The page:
Attracting and Retaining the Best Talent in Singapore
As the dust settles and hybrid work-life is acceptable, flexibility acts as the cornerstone of any working culture. Coming into the office for 2 or 3 days per week is commonplace; it finally feels like this could be ‘the new norm’ for many years to come.
However, at Arcadia, we like to dig deeper — not to just assume but question the change in behaviour and understand what’s making the workplace tick. And crucially what aspects of work-life require in-person engagements for everyone to get the biggest benefit.
A great place to start is to understand where leaders and individual contributors are spending their time and effort training and learning new skills. There has been a seismic shift in how people participate in training programmes, with offerings that include a range of formats: face-to-face, e-learning, gamification, podcasts, and research papers, but which one of these has the greatest impact on building culture?
We asked some of our senior leaders across 65 organisations1 in Singapore what their thoughts on the subject were.
Here's What We Found
Although most organisations now have the capability for digital training, with obvious benefits associated with this method (e.g., accessibility to more people across multiple locations), it appears that the outlook for planned training across the remainder of 2022 is a mixed bag. 90% of organisations are implementing hybrid training (combination of in-person and digital) as opposed to all digital or all in-person.
- The data suggest that there is a recognition that although in-person training could come with extra effort and cost, it still forms a key part of the broader training roadmap, especially as some skills are more impactful to learn in person.
- In-person training forms a key part of building and maintaining closer bonds between teams, which is essential to drive purpose and culture. This is due to the nature of activities in workshops being more engaging and rewarding for attendees.
- Training providers are now in a sweet spot, where different delivery methods are understood and accepted. The corporate world is now primed for innovation to maximise learning further. New ideas such as peer-to-peer (e.g., juniors coaching leaders) or digital innovations, like gamification, could feature heavily in future roadmaps.
We found that there is a clear trend towards certain subjects preferred for in-person training vs. virtual. These subjects are considered business-critical, not only for decision making but also for building culture, and therefore justify the extra spending and effort, often delivered with smaller group sizes.
With an emphasis on overall employee wellbeing, it’s essential that employers offer their teams an opportunity to properly engage in activities to help them to continue learning new ideas, beyond the traditional subjects of workplace training, into meatier subjects such as Resilience and Growth Mindset. If this need isn’t met, then it will be no surprise to see employees seeking an organisation elsewhere that satisfies this.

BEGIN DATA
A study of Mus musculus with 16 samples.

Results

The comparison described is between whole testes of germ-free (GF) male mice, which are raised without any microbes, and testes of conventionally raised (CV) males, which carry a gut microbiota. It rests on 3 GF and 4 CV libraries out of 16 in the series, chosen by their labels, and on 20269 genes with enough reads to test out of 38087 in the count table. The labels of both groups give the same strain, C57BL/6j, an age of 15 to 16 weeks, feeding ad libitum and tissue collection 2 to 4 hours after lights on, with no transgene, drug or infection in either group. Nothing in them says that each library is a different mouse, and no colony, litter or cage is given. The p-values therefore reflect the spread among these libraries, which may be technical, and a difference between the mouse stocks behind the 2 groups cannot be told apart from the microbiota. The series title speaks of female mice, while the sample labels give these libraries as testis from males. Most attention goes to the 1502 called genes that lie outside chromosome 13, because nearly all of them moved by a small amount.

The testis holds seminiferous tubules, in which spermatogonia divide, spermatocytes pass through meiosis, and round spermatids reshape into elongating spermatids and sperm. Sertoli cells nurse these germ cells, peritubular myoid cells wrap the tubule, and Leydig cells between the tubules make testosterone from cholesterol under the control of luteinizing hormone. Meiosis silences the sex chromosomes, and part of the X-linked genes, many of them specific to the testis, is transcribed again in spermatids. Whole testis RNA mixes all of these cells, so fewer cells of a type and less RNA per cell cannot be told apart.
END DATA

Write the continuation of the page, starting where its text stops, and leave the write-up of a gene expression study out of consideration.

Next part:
The key areas that these critical topics fall into are ones:
- With an aim to elevate the performance to exceptional (High performing teams, Executive Presence).
- That are debate- and discussion-critical (Diversity, Equity and Inclusion), which gives all individuals an opportunity to shape company culture and process, e.g., steady performers as well as high performers.
- That have direct implications on the direction of the business and develop strong leaders, essential for future growth (Strategic Thinking, Presentation Skills).
In addition to leaders’ desire to ensure that core topics are ringfenced for in-person engagement, there is also evidence to suggest appreciation that it gives to the overall workplace, where softer measures are essential, e.g., company values and purpose, team building, and engaging all individuals into shaping process. Too much digital learning that has not been tailored specifically for the audience could have a negative impact on mindset and attitudes.
- Organisations and leaders must work a lot harder to attract and retain talent, with employees wanting a greater emphasis on well-being and purpose. Individual contributors have reframed their attitudes to how they want to spend their working hours. It is therefore critical for leaders and trainers to observe the broader benefits of building company culture and the long-term payback of embedding purpose and inclusivity, often initiated whilst engaging in company activities such as in-person training.
- Digital learning is still essential as the backbone of quickly upskilling employees, providing delivery is adapted to the digital environment, i.e., presenter-led programmes are still effective, but could also be complemented with other means where necessary, such as a combination of e-learning (self-paced, podcasts, videos, or gamification). Check out The Mindset Advantage podcast here. There is an interesting space to watch out for in the future here. The entire education sector has been waiting for a shakeup for decades, like how technology has shaped so many other industries.
- For training, in-person will always be the most beneficial, impactful, and worth the extra effort for important topics, such as developing peak performers, diversity, equity and inclusion, and leadership. Not only are skillsets enhanced but the character is built, and closer, long-term relationships are formed.